While waiting for the Ohio Supreme Court to rule on whether to allow the proposed construction of wind turbines in Lake Erie, marine dealers, boaters and anglers continue to vocally oppose such industrialization of the lake. Nowhere was objection more evident than on the floor of the recent Cleveland Boat Show in exhibits ranging from the Lake Erie Foundation to the display from On the Water Ohio.

The project is being challenged in the Ohio Supreme Court by two Cleveland lakefront residents who believe the giant 300-plus-foot spinning blades pose too great a risk to migrating birds, in violation of the Migratory Bird Treaty. They, like other opponents, also point to the fact that Icebreaker received approval from the federal agencies, particularly the Bureau of Ocean Energy Management, without an environmental impact statement, which is required of every offshore turbine proposal along the East Coast.

“Clearly the BOEM and other federal agencies failed to observe the uniqueness of Lake Erie,” says Michelle Burke, president of the Lake Erie Marine Trades Association. “BOEM has closed its eyes to the Great Lakes. In contrast, our Canadian neighbors recognize the critical environmental makeup of the lakes and have a moratorium against building any turbines in their portions of the Great Lakes.”

The developer, Lake Erie Energy Development Corp., proposes building the first wind turbines in fresh water in North America directly off Cleveland. Dubbed “Icebreaker Wind,” LEEDCo’s stated intent is to stimulate the eventual construction of up to 1,600 turbines covering hundreds of square miles in the lake. But it’s believed there are many unknown and unaddressed environmental issues that can only be determined by a full environmental impact statement.

Aside from pending court action, LEEDCo, which has been touting the Icebreaker project for more than 10 years, also faces serious money issues. Late last year, LEEDCo had asked the state legislature to approve a surcharge on the electric bills of all FirstEnergy customers in northeast Ohio to cover much of the cost. The legislature declined.

“Our organization is not opposed to renewable energy,” says Jim Stouffer, Lake Erie Foundation president, “but we are absolutely against turning Lake Erie, which is Ohio’s most precious natural resource, into a turbine farm. Ohioans have invested 50 years and much treasure to turn our once maligned lake into the wonderful, clean boating, fishing and tourist draw it is today. We’re fighting to protect it now and for future generations.”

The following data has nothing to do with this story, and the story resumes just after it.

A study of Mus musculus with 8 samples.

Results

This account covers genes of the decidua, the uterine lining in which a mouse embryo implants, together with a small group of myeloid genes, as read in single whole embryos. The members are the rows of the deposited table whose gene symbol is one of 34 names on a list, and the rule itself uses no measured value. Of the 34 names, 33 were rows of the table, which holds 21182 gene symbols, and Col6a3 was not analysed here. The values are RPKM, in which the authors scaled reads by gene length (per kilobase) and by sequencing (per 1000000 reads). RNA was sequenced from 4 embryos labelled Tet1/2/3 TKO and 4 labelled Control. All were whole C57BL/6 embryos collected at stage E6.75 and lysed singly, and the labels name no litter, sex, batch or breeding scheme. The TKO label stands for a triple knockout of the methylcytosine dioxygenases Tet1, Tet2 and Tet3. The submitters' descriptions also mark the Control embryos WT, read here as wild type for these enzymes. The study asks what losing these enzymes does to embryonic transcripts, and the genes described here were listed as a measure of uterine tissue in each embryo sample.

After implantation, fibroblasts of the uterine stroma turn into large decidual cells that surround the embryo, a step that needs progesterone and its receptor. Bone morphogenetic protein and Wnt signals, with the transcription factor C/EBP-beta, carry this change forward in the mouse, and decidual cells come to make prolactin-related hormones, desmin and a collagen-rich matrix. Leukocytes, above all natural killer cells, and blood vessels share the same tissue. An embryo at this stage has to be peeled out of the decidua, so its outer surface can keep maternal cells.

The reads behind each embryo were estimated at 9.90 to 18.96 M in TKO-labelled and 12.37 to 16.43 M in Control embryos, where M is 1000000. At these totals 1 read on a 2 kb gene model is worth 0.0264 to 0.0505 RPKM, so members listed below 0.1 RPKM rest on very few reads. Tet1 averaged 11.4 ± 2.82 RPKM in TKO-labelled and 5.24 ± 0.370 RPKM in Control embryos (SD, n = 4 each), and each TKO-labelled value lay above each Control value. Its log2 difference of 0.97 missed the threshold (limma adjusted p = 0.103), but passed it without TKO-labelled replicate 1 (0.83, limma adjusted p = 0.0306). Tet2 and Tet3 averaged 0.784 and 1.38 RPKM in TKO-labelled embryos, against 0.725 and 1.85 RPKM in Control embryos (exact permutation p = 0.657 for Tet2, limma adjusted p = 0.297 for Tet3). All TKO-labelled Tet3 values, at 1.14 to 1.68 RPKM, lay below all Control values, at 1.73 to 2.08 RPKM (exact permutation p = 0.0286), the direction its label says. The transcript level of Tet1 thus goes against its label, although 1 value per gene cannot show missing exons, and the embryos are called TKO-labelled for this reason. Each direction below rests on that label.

Before the Supreme Court last December, lawyers argued that the project was approved by the Ohio Power Siting Board without properly determining that impact, especially to migrating birds and bats.

“There is not one person in this court room, or anywhere for that matter, that can tell you how many birds and bats fly through the rotor-swept zone at the project site,” argued attorney Mark Tucker. “No one can deny this fact: There has been no collection of that data at the proposed project site.”

During earlier consideration of the migrating birds’ issue, the Ohio Power Siting Board approved a conditional permit to build the turbines by including a requirement they be shut down at night from March through November to avoid slaughtering birds and bats. Ignoring strenuous objections from many quarters, the board removed that condition upon an appeal from LEEDCo.

“When people learn more about the environmental risks to our lake that supplies drinking water to millions of residents,” says Burke, “they are either shocked or emboldened to say no way to Icebreaker. The turbines would be visible from shore, denigrating the beautiful lake views while killing millions of migratory birds that we could be dodging with our boats or see washed up on our beaches. “The vibrations and noise,” she continued, “may negatively affect our walleye and perch fishing, thus diminishing the lake’s $1 billion sportfishing industry, as well as our multibillion-dollar tourism and recreational boating. And Icebreaker’s power will be purchased by local taxpayers at higher than current rates.” Overall, the opponents are trusting the Supreme Court will put a halt to this potential debacle, but either way they will not be deterred from their fight to protect the lake and the lifestyle it gives to Ohioans. While there is no set timetable, the Supreme Court’s decision could come any day.